Employment Agreements

Employment in Texas is "at will," which means that either the employer or employee may terminate the employment relationship for any reason, or no reason at all. However, an employment agreement can provide specific terms and conditions of employment during the employment relationship and even after the relationship has ended.

An employment agreement is generally the first step to notify a new employee about their primary responsibilities. An employer will not generally impose any obligations on itself except maybe stating a pay rate, or the time-off policy. However, an employer usually has the ability to change the terms of the employment agreement. An employee will be faced with accepting the new terms and continuing employment, or terminating employment if the terms or conditions are unacceptable.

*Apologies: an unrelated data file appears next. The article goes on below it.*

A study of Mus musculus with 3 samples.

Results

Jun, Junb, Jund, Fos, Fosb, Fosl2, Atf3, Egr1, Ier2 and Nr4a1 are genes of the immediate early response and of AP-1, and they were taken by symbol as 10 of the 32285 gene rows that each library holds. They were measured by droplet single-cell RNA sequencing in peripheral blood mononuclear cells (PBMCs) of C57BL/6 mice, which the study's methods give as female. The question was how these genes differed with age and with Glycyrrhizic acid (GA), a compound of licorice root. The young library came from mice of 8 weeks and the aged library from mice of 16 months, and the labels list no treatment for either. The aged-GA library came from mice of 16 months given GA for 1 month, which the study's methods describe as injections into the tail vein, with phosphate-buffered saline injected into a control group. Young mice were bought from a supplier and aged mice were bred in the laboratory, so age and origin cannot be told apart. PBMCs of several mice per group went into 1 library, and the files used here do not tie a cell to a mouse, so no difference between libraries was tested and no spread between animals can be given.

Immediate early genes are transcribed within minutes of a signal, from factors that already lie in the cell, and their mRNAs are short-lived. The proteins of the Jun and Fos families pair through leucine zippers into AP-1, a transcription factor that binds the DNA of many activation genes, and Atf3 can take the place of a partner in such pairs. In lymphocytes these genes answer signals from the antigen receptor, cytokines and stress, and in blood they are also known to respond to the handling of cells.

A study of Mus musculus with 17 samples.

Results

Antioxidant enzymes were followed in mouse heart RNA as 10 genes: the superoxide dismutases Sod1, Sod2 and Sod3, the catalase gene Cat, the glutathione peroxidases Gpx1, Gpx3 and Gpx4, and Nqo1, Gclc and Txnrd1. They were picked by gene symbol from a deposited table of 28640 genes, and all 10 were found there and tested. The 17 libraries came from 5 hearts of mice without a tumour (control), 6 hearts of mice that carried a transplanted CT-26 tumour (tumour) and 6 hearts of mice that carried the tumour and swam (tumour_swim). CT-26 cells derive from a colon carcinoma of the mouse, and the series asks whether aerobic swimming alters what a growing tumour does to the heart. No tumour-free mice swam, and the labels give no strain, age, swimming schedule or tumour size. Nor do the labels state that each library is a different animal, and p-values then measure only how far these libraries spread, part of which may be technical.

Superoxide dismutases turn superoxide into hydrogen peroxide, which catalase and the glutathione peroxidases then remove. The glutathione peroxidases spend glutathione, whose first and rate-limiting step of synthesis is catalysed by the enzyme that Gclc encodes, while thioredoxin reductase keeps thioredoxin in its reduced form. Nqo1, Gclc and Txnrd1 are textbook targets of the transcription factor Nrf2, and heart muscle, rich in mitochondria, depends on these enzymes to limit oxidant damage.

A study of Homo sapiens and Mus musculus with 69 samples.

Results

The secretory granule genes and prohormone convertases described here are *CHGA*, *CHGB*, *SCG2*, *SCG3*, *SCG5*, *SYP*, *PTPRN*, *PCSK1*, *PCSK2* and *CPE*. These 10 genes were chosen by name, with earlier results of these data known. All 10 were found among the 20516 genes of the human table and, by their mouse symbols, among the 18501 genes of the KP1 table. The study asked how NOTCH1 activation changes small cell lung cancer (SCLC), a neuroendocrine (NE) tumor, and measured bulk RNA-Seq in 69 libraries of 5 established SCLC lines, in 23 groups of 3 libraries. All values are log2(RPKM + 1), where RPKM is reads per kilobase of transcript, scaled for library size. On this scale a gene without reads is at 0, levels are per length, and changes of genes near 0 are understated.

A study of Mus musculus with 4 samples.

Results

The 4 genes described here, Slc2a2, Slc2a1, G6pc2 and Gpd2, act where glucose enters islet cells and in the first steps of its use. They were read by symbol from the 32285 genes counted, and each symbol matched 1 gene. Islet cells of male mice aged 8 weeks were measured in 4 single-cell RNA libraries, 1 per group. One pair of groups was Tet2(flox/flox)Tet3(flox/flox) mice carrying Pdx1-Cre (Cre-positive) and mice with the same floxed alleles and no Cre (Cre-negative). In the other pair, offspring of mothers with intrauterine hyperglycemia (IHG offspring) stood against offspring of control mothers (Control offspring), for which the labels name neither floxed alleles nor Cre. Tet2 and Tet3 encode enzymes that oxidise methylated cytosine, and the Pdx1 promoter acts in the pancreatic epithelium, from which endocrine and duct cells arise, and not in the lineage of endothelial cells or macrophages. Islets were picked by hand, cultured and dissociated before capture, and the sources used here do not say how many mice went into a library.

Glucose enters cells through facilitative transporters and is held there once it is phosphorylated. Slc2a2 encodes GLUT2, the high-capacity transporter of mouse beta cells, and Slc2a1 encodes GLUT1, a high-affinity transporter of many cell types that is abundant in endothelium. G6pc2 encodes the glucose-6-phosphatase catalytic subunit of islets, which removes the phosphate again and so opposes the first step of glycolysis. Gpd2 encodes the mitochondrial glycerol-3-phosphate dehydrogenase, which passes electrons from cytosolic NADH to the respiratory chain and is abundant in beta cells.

Accordingly, an emplployment agreement may also outline the circumstanstances that could lead to involuntary termination. Additionally, an employment agreement may spell out the terms for non-competition after termination, or soliciting employees after termination. Texas is a business friendly state, and has very tailored rules for restricting a persons right to seek work elsewhere. An employer should have language that prevents the disclosure of proprietary information as a result of a terminating employee.

Kirkpatrick Law drafts employment agreements that are customized to the needs of the business. For example, in a very competitive job function with little risks to the employer may prefer a shorter agreement that only addresses a few issues. In situations where an employer hiring for a job function with more risks (for example, executives, sales people, etc.) may want to consider a more robust agreement that covers many details, such as intellectual property.